A nonprofit publication of the Kentucky Center for Public Service Journalism

Think before flushing, plus other tips for protecting yourself and Kentucky’s water resources


By Carol Lea Spence
University of Kentucky

The coronavirus has forced people to either retreat into their homes or get out and explore the natural world more. Either way, water is a big part of everyone’s daily lives, and it’s important to protect Kentucky’s most valuable natural resource.

For many Kentuckians pushed inside by COVID-19 social distancing practices, sanitizing anything that doesn’t move – and a few things that do – has become a regular practice. Keepers of municipal sanitary systems are urging people to think before they flush.

Disinfectant wipes are not flushable, no matter what the packaging may say. Wipes, paper towels, dental floss and facial tissue do not disintegrate and can tangle up pump station equipment and clog sewer lines and septic systems, which can have serious health and environmental impacts.

“Once those pipes are clogged, they can lead to contaminated streams, rivers or lakes from the surface overflow of untreated sewage,” said Amanda Gumbert, extension water specialist in the University of Kentucky College of Agriculture, Food and Environment. “With the current public health challenges the public faces, backed up sewerage is another health issue we need to avoid. Properly dispose of wipes in trash cans, not toilets.”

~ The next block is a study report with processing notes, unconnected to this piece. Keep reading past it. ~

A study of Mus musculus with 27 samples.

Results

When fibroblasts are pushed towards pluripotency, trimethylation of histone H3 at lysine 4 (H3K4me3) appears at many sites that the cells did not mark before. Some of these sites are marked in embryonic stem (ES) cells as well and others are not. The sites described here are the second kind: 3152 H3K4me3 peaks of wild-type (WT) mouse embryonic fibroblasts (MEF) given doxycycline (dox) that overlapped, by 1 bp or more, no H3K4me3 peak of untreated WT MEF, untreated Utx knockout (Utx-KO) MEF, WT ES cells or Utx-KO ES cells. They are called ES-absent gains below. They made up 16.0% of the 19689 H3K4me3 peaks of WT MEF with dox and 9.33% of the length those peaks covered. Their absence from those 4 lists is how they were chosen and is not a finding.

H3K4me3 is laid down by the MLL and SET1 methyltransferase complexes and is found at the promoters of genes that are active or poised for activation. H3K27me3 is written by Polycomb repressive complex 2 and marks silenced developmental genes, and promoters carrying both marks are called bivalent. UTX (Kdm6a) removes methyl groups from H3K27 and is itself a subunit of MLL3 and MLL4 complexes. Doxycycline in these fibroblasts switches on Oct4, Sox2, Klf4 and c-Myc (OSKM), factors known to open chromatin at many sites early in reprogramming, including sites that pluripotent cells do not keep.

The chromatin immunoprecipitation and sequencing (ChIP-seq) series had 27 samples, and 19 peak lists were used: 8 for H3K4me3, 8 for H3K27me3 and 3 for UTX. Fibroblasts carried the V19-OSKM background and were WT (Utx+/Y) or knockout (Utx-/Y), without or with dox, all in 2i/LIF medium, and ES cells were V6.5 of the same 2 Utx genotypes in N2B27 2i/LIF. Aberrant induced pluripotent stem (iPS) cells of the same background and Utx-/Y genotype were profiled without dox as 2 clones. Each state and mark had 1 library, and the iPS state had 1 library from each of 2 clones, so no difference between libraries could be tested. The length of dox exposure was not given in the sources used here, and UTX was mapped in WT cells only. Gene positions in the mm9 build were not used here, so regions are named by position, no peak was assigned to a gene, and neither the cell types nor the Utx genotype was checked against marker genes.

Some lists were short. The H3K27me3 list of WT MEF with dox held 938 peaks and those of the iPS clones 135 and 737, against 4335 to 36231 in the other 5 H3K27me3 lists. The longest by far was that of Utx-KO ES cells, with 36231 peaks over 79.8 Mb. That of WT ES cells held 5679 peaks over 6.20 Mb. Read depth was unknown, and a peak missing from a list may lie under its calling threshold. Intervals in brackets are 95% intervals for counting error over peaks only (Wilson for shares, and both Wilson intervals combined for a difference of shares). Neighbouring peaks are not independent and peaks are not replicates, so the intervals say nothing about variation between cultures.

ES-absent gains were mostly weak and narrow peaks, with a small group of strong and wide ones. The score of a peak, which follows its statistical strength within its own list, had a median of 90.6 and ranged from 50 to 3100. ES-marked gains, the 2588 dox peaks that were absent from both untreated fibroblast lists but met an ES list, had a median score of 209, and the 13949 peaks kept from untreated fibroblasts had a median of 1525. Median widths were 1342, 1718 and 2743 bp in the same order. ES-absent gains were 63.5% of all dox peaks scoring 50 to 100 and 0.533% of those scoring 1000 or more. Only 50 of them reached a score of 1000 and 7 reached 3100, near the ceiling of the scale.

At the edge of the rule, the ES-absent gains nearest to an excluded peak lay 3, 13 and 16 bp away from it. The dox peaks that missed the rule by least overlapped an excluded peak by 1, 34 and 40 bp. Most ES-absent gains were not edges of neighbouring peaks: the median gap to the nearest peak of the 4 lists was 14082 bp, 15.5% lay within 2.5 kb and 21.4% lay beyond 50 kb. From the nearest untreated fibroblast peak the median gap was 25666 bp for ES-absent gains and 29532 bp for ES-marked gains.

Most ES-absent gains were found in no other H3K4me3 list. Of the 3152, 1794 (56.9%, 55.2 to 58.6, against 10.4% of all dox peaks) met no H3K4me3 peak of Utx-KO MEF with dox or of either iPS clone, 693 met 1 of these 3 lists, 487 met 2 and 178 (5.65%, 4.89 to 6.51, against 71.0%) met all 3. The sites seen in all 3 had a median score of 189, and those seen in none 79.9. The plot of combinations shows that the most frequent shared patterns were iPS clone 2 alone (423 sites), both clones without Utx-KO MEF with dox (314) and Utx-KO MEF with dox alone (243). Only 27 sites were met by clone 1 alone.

Also, personal care products, cleaning supplies and other household waste should be disposed of properly and never put down the sink, toilet or storm sewer. Instead, place it in the trash can or recycling bin if applicable or get rid of it at a local household hazardous waste disposal site. Many municipalities hold those events for disposal of hazardous waste on a regular basis.

Untreated wastewater, such that would back up or overflow from sewers or septic systems, contains bacteria that can make humans sick if ingested and can halt recreational use of beaches, lakes and streams. Plus, excessive nitrogen and phosphorus in sewage is hard on native plant and fish populations in Kentucky’s surface waters, and the organic matter sewage contains can choke off the oxygen supply in streams and rivers.

Kentucky is rich in wildlife and recreational opportunities because of the state’s 90,000 miles of rivers and streams.

“Spending time in nature is a great way to pass the time and educate children during this time of social distancing. It has been shown to improve overall mental health and it’s a good alternative to technology-based learning,” Gumbert said.

“However, be aware that streams, rivers, lakes and ponds can harbor harmful bacteria and viruses, so be smart and wash your hands thoroughly, if you come in contact with water. And always avoid floodwaters.”

Learn more about “all things water” in Kentucky by listening and subscribing to the KYH2O podcast at kyh2o.podbean.com. Now is also a good time to learn more about local streams. Backyard Streams in Kentucky, www.uky.edu, is a free, online course for becoming a local Stream Steward in your neighborhood.